Leading Nepali carrier Buddha Air has been granted a licence to provide maintenance, repair and overhaul (MRO) services for the family of ATR and Beechcraft aircraft from its state-of-the-art closed-door hangar at Tribhuvan International Airport (TIA).
Following the decision of a minister-level meeting on Sunday, Buddha became the first Nepali airline to acquire a permit to provide MRO services. After the licence is okayed, Buddha will need to obtain an operation certificate from the Civil Aviation Authority of Nepal (Caan).
The carrier plans to begin services soon. “As there is a large volume of ATR operations in neighbouring countries like India, Bhutan and Bangladesh, we see a great business opportunity,” said Upendra Lal Shrestha, a senior engineer at Buddha Air. “We have enough manpower totalling 146 technical personnel to provide MRO services.”
Buddha has secured business from Dhaka-based Novoair and is planning to sign an agreement with Bhutan-based Druk Air to provide maintenance services for its ATR aircraft.
MRO charges range from $30,000 to $100,000 per aircraft. The airline estimates that it can provide MRO services for seven to eight aircraft annually. With two new international airports slated to come online in the next few years, domestic airlines have been expanding their fleets in anticipation of increased business on regional sectors, said a Tourism Ministry official.
Buddha Air’s hangar, which is spread over 37,000 square feet, was built at a cost of $2.5 million in 2012. “As the hangar can accommodate an Airbus 320 or a Boeing 737, it can extend MRO services for narrow body jets in the near future,” the official added. “MRO services in Nepal can create a big impact on the country’s aviation industry.”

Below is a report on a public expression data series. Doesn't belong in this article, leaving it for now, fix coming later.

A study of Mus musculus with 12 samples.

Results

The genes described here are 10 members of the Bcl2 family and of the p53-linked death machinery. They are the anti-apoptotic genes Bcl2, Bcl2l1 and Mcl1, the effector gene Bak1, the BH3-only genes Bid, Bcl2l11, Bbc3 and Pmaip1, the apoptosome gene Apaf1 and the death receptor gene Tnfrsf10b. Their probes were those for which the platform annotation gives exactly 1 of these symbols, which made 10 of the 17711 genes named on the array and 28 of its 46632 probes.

India currently offers MRO services. But airlines from Bangladesh, Bhutan and even India prefer to get their MRO done abroad, particularly in Singapore, mainly due to cost advantages.
Airlines are willing to fly long distances for full aircraft maintenance due to high taxes and inadequate MRO services in India.
“We have a strategic location advantage to get business from neighbouring countries because of lower labour costs,” said Shrestha.
“However, taxes are a major setback for us as well.” He said that Buddha has written to the government to reconsider tax rates as Nepal has a huge potential to get MRO business and earn foreign currency. Recently, airline representatives said that the government had been charging unnecessary import duty on aircraft spare parts and other components although the Aviation Policy talks about tax waivers. According to airline officials, they have been paying hefty amounts in VAT on the import of spare parts.
The government charges 1 percent tax on purchased or leased aircraft. Spare parts are charged VAT ranging from 13 to 40 percent.
In addition, the government charges 10 percent as aircraft lease tax.
Likewise, carriers have to pay 15 percent of the total cost of sending aircraft crews for training abroad as Tax Deducted at Source (TDS). The unnecessary tax burden has been affecting the growth of the airline industry in Nepal, they said.